You see more when you travel slowly

Passengers from a paddle steamer disembark at Ryde Pierhead. Was the wheel above the rudder used when going astern?

Passengers from a paddle steamer disembark at Ryde Pierhead. Was the wheel above the rudder used when going astern?

Doris: to the mayorality born


The modern fastcraft and hovercraft that whizz us across the water in 15 minutes or so are all very well, but many used to enjoy the 40-minute trip that was then the only option. And, of course, thousands still choose to cross that way. And if you’ve got a vehicle then, of course, you have no choice.

I used to love sitting on the upper deck in the open air and watch all the passing shipping. A cup of tea was always a treat as well.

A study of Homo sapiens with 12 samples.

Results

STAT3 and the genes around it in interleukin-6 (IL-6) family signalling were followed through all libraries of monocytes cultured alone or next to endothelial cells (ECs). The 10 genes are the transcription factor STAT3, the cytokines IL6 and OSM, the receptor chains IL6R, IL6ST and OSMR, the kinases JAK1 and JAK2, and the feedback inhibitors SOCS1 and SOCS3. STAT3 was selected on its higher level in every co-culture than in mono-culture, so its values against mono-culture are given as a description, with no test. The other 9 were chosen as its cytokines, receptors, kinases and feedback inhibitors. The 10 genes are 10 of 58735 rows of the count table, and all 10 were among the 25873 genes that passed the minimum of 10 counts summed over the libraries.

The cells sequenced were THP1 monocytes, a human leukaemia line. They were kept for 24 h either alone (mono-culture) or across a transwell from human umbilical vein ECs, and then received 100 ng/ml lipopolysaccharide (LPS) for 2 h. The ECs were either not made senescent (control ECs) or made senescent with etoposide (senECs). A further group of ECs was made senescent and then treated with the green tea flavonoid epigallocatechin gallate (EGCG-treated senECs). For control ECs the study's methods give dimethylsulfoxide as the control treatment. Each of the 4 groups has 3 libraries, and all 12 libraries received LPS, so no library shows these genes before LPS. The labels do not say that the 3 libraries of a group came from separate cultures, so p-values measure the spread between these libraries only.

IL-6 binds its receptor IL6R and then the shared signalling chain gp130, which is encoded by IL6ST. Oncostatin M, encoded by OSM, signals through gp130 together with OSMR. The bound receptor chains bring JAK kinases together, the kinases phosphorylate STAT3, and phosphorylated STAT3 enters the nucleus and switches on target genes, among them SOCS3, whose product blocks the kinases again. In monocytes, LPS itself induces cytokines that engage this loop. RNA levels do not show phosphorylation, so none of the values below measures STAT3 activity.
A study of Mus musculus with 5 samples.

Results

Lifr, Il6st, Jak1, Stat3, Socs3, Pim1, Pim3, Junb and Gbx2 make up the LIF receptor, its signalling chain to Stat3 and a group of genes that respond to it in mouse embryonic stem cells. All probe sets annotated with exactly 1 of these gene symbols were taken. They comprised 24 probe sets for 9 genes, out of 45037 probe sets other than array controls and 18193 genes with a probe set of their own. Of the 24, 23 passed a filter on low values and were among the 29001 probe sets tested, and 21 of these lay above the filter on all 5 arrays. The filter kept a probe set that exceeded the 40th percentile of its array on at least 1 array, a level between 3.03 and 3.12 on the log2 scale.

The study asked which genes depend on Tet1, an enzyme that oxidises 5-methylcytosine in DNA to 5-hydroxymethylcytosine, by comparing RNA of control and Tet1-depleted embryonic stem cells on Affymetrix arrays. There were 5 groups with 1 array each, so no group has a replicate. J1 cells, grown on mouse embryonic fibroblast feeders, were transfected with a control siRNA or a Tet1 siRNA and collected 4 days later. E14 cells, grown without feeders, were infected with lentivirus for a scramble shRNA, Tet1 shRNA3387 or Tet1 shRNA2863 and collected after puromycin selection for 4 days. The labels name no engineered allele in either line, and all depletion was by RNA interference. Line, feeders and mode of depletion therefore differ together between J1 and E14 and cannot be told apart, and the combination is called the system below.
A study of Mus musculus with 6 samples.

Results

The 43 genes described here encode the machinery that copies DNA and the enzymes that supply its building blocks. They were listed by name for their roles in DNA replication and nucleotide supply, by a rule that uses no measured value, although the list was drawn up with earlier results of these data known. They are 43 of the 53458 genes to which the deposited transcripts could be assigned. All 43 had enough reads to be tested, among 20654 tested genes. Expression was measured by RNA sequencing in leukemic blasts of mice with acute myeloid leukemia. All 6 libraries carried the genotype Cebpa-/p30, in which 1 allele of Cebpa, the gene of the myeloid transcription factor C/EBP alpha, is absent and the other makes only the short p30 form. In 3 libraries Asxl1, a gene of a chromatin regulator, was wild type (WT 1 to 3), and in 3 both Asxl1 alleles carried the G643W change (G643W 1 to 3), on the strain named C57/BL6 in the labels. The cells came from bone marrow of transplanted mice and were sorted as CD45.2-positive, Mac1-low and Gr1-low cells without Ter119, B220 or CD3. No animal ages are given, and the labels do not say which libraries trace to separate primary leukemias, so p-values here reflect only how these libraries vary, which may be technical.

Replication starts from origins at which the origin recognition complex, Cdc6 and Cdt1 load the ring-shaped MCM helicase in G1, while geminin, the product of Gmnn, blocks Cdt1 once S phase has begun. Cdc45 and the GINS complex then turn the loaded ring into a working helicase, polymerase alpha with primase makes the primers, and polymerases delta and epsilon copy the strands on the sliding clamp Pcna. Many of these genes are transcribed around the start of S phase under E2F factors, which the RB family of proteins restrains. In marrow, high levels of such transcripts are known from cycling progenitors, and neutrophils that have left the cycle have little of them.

Speed is all very well, but if you are out for the day what better way is there to begin and end your trip than on the car ferry?

A further thrill was entering Portsmouth Harbour after dark. The neon lights from the funfair on Clarence Pier, the street lights and the buoys lighting the way, some with bells clanging... all missed by the modern, time-poor traveller.

Here we see a paddle steamer off-loading its passengers at Ryde. Most will no doubt take a train across the island, some as far as Ventnor where they would take the steep walk down to the beach.

I wonder if any of you former Isle of Wight ferrymen can tell me what the wheel was used for at the stern?.

It is set above the rudder. I can only assume it was an aid when going astern, but I would like to know.